What is good for the bottom line is not always good for America and working families, Sen. Marco Rubio, R-Fla., says.
In speech to conservatives outlining his vision for a “new nationalism” — and taking sharp aim at China — Rubio argued Thursday if America relies only on market forces to determine its course, the nation will come up short, the Miami Herald reported.
“We are weakened by an economic elitism that has replaced a commitment to the dignity of work with a cult-like faith in financial markets,” Rubio told conservatives at the Faith and Freedom Coalition’s Road to Majority Conference in Washington, the Herald reported.
“When right and wrong is based solely on profitability, then there is nothing immoral in shipping jobs overseas or surrendering key American technology and innovation to China.”
Rubio has been critical of the administration’s approach to China in recent months, the Herald noted — and his remarks came just hours after the Trump administration announced Chinese telecom giant ZTE will pay a $1 billion fine after it was caught shipping communications equipment to North Korea and Iran, and lying to U.S. investigators about it.
“We need policies that view Americans as human beings who cannot flourish without the sense of accomplishment, pride and sufficiency that comes with a good-paying job,” Rubio said.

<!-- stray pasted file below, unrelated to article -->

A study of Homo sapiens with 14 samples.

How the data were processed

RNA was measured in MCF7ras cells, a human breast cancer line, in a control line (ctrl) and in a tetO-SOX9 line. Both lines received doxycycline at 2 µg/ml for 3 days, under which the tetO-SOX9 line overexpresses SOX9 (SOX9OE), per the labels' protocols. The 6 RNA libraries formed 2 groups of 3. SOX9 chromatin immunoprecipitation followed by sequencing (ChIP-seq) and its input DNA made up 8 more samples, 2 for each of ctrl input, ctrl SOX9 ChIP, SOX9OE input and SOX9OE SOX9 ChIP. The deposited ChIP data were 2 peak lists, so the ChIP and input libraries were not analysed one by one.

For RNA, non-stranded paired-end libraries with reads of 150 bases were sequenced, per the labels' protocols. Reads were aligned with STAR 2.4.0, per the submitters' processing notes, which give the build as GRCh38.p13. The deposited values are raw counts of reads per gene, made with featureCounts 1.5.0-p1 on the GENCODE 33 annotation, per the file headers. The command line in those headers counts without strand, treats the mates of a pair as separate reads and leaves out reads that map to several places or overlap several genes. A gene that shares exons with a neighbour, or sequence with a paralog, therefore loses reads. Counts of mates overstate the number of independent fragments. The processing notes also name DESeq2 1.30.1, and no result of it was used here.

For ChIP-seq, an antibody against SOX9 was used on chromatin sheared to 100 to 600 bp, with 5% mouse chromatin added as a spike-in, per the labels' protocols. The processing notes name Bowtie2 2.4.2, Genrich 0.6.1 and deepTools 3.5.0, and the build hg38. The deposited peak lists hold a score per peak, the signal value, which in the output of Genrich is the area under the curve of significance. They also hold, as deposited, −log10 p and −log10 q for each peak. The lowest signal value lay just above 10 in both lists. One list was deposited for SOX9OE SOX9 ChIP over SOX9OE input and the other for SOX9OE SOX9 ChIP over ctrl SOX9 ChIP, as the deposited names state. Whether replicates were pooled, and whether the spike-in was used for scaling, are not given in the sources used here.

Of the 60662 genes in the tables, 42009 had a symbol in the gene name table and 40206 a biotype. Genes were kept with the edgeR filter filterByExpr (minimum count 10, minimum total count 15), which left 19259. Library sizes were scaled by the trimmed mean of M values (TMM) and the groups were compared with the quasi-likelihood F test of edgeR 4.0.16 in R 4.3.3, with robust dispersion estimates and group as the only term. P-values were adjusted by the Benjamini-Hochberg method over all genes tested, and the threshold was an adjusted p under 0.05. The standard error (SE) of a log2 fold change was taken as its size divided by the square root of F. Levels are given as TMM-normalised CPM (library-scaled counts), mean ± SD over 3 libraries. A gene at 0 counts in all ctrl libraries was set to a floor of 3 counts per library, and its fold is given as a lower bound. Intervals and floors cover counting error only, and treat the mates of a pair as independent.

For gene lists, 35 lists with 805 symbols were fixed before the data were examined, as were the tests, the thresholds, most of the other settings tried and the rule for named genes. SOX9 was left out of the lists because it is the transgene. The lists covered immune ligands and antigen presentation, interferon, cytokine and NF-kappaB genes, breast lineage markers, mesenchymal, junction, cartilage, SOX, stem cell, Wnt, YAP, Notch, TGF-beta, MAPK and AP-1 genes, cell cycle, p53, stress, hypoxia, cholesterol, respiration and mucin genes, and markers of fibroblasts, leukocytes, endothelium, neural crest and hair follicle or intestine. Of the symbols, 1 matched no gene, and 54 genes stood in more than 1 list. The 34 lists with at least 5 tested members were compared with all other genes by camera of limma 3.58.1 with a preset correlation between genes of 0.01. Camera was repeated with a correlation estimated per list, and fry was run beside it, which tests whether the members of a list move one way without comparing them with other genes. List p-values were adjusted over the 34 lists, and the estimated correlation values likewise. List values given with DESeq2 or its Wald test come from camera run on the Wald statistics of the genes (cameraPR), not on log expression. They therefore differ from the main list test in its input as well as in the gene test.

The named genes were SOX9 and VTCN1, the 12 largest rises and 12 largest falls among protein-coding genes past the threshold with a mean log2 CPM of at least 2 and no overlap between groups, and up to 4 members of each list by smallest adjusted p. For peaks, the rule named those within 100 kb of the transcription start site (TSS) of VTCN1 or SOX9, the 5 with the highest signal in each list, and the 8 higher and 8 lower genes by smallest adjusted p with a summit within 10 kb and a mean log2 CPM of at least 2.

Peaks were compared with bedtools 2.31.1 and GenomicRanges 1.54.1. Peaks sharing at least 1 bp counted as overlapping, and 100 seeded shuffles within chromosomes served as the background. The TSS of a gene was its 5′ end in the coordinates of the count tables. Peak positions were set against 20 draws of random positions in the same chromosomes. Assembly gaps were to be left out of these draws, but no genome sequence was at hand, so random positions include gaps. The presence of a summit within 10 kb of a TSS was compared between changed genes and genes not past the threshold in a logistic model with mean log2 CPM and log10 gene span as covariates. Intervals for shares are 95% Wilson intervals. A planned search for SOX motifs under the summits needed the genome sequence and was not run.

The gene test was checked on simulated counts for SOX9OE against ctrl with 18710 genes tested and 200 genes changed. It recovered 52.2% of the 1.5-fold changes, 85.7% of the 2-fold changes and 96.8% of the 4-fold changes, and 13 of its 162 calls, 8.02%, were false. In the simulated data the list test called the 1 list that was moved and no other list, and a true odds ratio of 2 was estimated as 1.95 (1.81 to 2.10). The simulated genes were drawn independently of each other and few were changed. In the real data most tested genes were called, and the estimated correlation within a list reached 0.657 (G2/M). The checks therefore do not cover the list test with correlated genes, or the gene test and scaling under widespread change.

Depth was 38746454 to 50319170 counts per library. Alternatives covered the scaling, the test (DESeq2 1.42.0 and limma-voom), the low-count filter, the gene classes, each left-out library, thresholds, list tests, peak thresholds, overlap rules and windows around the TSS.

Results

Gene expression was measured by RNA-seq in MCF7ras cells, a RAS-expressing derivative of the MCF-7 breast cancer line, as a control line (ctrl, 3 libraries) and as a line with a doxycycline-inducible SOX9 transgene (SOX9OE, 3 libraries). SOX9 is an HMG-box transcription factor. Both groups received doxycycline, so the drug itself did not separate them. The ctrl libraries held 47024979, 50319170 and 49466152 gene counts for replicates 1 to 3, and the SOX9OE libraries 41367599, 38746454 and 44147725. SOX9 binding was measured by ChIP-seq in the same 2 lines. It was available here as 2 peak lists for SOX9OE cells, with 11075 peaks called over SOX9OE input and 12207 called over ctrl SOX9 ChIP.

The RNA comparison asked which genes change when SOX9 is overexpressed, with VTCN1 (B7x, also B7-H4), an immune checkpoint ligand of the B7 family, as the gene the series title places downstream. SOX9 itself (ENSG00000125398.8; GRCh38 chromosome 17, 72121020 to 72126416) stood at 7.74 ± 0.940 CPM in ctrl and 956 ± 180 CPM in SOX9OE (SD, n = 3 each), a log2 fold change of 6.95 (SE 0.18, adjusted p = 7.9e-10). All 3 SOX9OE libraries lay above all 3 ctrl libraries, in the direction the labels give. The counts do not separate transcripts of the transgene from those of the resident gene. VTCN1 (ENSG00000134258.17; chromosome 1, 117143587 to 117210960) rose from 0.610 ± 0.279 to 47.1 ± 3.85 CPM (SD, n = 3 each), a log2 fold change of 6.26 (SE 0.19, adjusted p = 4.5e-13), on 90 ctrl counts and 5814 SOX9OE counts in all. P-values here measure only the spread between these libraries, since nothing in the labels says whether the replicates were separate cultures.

“Which is why we cannot allow China to continue to cheat and steal their way into a position of dominance in these industries, and need to spur American investment in the manufacturing of the future, and support American companies when they help American workers.”
Rubio’s speech argued conservatives need to alter an economic message that preaches economic elitism — or they will lose control to Democrats preaching cultural elitism as China gains more power at America’s expense.
“We need both policies and a culture that will value and support the family,” Rubio said, the Herald reported.
“Many powerful people were infuriated when I demanded we expand the Child Tax Credit as part of tax reform. But I ask you what I asked myself then: How could the Republican Party find hundreds of billions of dollars to give to multinational corporations, many of which care little about our country, but not cut the taxes of hard-working families trying to make ends meet and provide for their children?”